The Kings story of the week is that they are thinking about offering a five-year, $200 million contract extension to a player who has been the centerpiece of 6 1/2 years of losing basketball.
DeMarcus Cousins might have the talent to make what the market will bear, and one day in his career he might demonstrate that he has the character to make him one of the top earners in his profession.
So far, he has not.
The Kings must decide if they want to reward the kind of behavior that has become embedded in the mind of anybody who has watched him play.
Kings general manager Vlade Divac declined to discuss the reports on ESPN and Comcast SportsNet Bay Area about a long-term deal they say is in the works.
“There’s nothing I can say now,” Divac told The Sacramento Bee after the Kings’ 100-94 win over the Detroit Pistons on Tuesday night.
Divac said he’d be able to discuss it “when the time comes.” Under the terms of the NBA’s new labor agreement, that would be in July, when the contract will allow teams to bestow tens of millions in additional cash on designated stars they have developed.
Cousins also declined to discuss his future with the Kings, except to say he wants to stay in town.
28.0 DeMarcus Cousins’ scoring average, fifth in the NBA this season.
“I love Sacramento,” he said.
Cousins, of course, can be funny, and he showed his humor while sitting in front of a scrum of reporters in the team’s locker room Tuesday night. He took a microphone and asked me and fellow Bee columnist Ailene Voisin whether we’d like to see him continue his career here.
He’s had a couple of problematic experiences in nightclubs recently, and he’s known to get angry over newspaper articles he dislikes, but he’s otherwise been a good citizen. He does some very good things in the community. He expresses a profound sense of love and loyalty to his family, friends and fans, who return the feeling in kind.
With all due respect to them, many of us assess Cousins based on the behavior we see on the court. Most recently, we saw him kick and punch a chair when a call went against him, resulting in his 12th technical foul this season. We see the constant complaining to the referees, the disrespect he shows to opponents, to some of his former coaches.
Maybe the Kings’ management noted the reaction of the fans Tuesday, when they booed Cousins when he returned to the floor after sitting out for 11 minutes.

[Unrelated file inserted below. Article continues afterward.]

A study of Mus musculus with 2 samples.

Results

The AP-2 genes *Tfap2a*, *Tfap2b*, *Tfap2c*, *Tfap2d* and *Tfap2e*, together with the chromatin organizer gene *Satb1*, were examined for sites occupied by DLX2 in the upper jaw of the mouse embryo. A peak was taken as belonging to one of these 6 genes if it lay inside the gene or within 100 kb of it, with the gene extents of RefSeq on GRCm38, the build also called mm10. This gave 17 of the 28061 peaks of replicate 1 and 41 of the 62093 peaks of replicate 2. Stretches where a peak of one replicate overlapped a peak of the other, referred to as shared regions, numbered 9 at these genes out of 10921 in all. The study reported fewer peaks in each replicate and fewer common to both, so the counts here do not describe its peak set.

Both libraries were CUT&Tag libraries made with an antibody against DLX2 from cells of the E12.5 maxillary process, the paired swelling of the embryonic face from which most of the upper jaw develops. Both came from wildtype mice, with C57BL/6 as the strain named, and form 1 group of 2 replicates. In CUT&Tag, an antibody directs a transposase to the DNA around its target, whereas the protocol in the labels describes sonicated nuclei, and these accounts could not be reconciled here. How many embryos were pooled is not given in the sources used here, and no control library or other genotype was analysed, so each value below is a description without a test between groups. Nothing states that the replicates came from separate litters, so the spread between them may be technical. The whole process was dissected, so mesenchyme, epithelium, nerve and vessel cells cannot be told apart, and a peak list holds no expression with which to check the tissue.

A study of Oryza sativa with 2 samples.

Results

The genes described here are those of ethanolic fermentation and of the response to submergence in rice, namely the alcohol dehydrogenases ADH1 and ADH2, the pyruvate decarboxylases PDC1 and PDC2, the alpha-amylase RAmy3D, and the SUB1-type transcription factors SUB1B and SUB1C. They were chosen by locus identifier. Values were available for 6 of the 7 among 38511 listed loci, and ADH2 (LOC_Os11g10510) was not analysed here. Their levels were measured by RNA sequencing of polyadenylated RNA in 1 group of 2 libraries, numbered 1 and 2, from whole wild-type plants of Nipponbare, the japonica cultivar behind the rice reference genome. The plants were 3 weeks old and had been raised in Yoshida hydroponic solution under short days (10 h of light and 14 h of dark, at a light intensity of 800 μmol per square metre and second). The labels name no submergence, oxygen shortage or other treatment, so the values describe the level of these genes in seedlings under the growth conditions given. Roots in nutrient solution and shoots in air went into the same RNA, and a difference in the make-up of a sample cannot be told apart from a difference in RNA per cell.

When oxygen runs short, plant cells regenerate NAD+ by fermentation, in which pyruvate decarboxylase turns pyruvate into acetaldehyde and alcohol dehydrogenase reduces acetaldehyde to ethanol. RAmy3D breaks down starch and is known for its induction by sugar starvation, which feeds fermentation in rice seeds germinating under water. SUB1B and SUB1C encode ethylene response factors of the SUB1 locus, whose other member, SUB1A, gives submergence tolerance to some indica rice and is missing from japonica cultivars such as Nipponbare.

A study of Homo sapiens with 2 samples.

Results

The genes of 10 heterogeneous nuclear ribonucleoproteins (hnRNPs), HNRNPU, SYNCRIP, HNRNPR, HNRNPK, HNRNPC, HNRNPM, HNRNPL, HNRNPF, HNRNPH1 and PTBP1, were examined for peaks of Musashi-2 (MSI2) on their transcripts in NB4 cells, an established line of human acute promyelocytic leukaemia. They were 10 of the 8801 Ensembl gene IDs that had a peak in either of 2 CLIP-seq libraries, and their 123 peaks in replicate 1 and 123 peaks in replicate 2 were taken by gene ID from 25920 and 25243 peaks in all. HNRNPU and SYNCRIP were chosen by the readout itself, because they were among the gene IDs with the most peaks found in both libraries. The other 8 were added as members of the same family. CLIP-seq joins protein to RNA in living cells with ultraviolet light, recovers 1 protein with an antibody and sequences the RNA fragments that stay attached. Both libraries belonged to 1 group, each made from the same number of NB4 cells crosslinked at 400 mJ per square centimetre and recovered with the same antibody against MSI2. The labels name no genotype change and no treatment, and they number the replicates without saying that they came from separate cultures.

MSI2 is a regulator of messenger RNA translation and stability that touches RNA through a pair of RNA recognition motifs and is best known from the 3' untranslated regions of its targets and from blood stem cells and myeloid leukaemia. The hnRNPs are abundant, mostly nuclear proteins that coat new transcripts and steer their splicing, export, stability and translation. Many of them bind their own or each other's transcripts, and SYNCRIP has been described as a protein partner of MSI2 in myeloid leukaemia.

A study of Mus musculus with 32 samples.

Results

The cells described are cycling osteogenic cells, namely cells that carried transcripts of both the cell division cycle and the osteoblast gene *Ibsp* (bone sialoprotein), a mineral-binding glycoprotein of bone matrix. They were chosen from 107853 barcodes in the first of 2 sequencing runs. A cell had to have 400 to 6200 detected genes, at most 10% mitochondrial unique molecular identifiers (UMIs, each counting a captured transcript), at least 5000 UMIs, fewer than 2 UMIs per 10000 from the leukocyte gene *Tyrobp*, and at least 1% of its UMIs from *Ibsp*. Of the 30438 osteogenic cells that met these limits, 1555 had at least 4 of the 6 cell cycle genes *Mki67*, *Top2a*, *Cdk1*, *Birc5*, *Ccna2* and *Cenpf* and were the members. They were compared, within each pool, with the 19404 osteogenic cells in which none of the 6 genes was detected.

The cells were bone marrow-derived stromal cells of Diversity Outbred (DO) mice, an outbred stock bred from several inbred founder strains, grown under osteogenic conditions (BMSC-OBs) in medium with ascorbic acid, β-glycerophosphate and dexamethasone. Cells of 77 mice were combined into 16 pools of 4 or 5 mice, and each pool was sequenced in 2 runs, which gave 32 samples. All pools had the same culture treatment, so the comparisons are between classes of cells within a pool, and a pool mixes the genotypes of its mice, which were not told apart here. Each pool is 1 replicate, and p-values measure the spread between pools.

He turned them around with a couple of 3-pointers and an assist to help the Kings rally from an 18-point deficit for the victory. But the booing reflected the blistering he has taken in recent days on some local fan boards and sports talk radio. In both venues, spot checks showed responses coming in against him at about 75 percent.
12 DeMarcus Cousins’ technical foul total, tied for first in the NBA this season.
When Kings management parses the numbers on Cousins, there are a few they need to keep in mind besides his 28.0 points, 10.1 rebounds and 3.9 assists per game this season.
Let’s start with the fact that of the 449 players in the NBA, DeMarcus Cousins is the absolute slowest. This is according to the Players Tracking Speed & Distance statistics category on NBA.com. In a game built for speed these days, it hurts to be slow, and it’s even worse when Cousins turns the ball over, whines about not getting a call or gets his shot blocked.
We don’t have a number on the times Cousins flails in the backcourt while the action races off in the other direction. But the nbaminer.com blog has a “nasty stats” page that showed Cousins leads the league in having his shot blocked this season with 68 – 14 more than the second-most jammed-up player, Jeff Teague, and 13 more than No. 3 Isaiah Thomas, who is 14 inches shorter – entering Wednesday’s schedule. Cousins twice has led the league in getting his shots blocked and always has been among the league leaders.
As of Wednesday morning, he was second in personal fouls with 139 and sixth in turnovers with 115, but only tied for 33rd in offensive rebounds with 74 while being tied for first in technical fouls with 12.
The reward of a max deal like $40 million a year should be a reflection of an athlete’s greatness. In the world of sports, greatness is mostly measured by winning, which, in the minds of great football coaches like Red Sanders and Vince Lombardi, was the only thing.
For 6 1/2 years, there has been no winning by DeMarcus Cousins. In fact, the only constant to the Kings losing during that time among players, coaches, owners and basketball operations executives has been DeMarcus Cousins. There is no reason to believe anything would change in the next five years based on the record of the past 6 1/2 .
Whether Cousins is worth the $200 million will come down not to Kings management, but to the fans. It’s their money, and it will be interesting to see if they’re willing to pay it.